Literally thousands of artists dove headfirst into funding programs or created their own after the tragic events in Haiti and Japan, and they have not forgotten ongoing needs there. They offer their wares in the form of posters, films, fashion shows, concerts and art auctions all over the globe.


Ben Stiller, photo courtesy NBC publicity

One to watch is a joint effort by actor Ben Stiller and art dealer David Zwirner. Artists for Haiti seeks to raise funds for education and health efforts that have already begun there. Paul McCarthy (yes, of the Beatles), Chuck Close, Jasper Johns, Jeff Koons and many of the world’s most well-known and high-profile contemporary artists will donate work for this New York event. Christie’s will co-sponsor the Sept 22, 2011, auction and intends to also donate their proceeds from sales.

Mr. Stiller had worked in Haiti previous to the earthquake, but has now expanded his work with the Stiller Foundation, which “promotes education and well-being of Haitian children.”

“When Ben [Stiller] and I visited Haiti earlier this year, I immediately felt compelled to do something to help,” said David Zwirner. “The art world is a generous place, and I am incredibly thankful for the extraordinary support from the artists and the arts community.”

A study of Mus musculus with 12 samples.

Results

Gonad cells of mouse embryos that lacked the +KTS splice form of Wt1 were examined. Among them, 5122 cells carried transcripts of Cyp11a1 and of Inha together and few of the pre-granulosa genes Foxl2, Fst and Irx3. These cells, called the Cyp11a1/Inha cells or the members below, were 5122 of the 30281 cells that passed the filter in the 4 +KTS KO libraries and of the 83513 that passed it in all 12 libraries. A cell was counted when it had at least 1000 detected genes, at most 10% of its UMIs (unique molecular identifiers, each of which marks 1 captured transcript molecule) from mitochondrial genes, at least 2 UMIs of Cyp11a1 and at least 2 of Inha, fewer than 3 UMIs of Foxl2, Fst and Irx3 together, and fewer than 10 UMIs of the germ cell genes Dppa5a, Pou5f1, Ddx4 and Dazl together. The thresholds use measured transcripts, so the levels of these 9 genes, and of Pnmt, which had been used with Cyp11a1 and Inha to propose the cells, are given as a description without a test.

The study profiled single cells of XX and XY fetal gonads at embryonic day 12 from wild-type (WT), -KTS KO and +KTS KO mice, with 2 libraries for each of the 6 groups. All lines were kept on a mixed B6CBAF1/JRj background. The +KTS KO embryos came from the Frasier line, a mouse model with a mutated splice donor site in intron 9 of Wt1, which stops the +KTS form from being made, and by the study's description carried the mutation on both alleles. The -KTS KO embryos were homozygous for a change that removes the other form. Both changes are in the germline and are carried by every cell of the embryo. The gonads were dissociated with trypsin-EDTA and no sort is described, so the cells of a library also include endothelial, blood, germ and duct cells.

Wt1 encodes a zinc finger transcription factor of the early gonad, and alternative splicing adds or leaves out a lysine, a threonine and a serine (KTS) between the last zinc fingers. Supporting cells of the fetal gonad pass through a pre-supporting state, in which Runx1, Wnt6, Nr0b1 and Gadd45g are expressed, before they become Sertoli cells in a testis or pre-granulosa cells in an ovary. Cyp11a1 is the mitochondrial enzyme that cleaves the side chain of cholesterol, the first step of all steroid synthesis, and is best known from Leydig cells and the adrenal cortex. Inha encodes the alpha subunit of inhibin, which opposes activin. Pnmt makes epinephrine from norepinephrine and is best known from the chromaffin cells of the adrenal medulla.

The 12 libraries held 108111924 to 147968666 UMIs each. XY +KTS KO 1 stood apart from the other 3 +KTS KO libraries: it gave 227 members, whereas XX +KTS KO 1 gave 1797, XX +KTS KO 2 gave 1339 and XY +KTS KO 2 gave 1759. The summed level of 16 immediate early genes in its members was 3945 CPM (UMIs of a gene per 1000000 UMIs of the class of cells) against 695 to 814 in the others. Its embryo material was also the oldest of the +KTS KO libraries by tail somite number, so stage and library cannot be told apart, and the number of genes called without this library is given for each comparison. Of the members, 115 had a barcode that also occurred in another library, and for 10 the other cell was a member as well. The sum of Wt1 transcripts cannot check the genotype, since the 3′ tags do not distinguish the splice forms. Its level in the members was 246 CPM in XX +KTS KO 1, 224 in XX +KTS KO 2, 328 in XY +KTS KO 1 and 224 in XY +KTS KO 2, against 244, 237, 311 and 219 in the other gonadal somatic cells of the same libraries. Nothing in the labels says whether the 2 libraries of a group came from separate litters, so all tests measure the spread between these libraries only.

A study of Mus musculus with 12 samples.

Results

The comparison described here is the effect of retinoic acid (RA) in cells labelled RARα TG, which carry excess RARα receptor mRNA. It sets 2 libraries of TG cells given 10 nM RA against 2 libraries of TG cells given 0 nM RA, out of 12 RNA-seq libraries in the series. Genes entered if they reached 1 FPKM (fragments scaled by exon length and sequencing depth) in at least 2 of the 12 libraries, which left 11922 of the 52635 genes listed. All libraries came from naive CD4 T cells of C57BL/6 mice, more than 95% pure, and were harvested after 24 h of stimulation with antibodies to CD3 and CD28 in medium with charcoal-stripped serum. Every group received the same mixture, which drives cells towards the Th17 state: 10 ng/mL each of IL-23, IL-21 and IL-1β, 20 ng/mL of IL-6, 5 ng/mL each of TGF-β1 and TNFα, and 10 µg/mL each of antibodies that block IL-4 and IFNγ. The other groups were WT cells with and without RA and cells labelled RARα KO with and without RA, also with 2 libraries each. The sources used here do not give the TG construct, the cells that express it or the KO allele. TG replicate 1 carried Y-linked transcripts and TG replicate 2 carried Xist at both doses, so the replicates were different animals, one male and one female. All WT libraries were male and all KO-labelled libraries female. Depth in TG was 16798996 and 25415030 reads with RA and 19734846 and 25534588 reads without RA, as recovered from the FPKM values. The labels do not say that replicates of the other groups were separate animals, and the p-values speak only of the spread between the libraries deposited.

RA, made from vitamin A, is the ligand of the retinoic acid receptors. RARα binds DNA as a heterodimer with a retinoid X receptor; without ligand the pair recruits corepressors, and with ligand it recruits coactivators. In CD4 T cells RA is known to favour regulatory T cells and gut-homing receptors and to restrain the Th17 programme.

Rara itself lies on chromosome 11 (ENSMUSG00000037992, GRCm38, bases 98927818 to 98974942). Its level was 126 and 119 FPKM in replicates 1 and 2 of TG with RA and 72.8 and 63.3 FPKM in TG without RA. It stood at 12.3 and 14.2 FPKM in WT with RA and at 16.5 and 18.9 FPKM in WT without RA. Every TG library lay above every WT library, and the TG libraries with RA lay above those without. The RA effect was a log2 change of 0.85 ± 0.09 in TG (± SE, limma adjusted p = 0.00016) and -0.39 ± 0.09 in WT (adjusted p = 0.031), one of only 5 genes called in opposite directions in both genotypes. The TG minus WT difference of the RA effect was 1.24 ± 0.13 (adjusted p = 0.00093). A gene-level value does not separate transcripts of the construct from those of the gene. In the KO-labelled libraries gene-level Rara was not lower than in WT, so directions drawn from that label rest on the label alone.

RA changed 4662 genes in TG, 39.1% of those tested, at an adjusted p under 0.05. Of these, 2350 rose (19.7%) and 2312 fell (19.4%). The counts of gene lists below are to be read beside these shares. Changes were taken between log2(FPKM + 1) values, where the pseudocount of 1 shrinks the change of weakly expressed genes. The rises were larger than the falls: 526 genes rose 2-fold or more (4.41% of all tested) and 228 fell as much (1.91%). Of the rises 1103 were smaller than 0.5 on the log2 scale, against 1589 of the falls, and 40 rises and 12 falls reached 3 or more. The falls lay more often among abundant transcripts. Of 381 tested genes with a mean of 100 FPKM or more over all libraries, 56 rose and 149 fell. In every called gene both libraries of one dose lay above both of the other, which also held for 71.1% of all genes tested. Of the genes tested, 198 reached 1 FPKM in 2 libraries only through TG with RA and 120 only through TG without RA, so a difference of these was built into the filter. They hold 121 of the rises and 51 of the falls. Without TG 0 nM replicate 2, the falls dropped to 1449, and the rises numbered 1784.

In Portland, Ore., an event at Radio Room with several sponsors auctioned art for Mercy Corps’ substantial work in Japan.

Artist and curator Rachel Sanders commented, “We were able to create a generous donation within only a couple of weeks [in an economically depressed area]. My intention was to give of ourselves to those who are in desperate need of our attention”.

Dozens of area artists contributed to this and similar events, which occurred nationwide for Mercy Corps’ work in Japan.


Barry Mack, “Centered,” acrylic


“Hellboy” by Duncan Fegredo

All types of artists in America and globally are using their creative forces for good in the face of the massive destruction. Artists pooled their energies nationwide to raise funds for an endless list of charities such as Salvation Army, Doctors without Borders, World Vision, Samaritan’s Purse, Caritas International, Oxfam, Save the Children, Catholic Relief Services, Habitat for Humanity and many more.

Even comics makers got into the act with West Coast giant Dark Horse Comics auctioning off limited edition artwork and books for the cause. Granted it’s not quite the wholesome “Archie and Betty” comics some of us may recall, but “Hellboy” by Duncan Fegredo, at least, made quite some moola for Japanese relief work.

Canadian graphic artist James White of Signalniose.com designed this striking poster for Salvation Army, and several well-known animators lent a hand with their work across the globe:


James White’s “Help Japan” poster for Salvation Army

Various websites, including the work of James White and Kevin Lim, among others, offer art or photography from various spots in Japan with all proceeds going to the Red Cross, and even eBay artists are plying their wares for Japan. The cost for prints, posters and T-shirts is usually quite low, possibly reflecting the current economy.

For art lovers, the flood of art for relief work is a great opportunity to spend totally without guilt. For those who have never indulged in buying art, this is great excuse to learn how it feels to be both a philanthropist and art collector for, oh … about 20 bucks.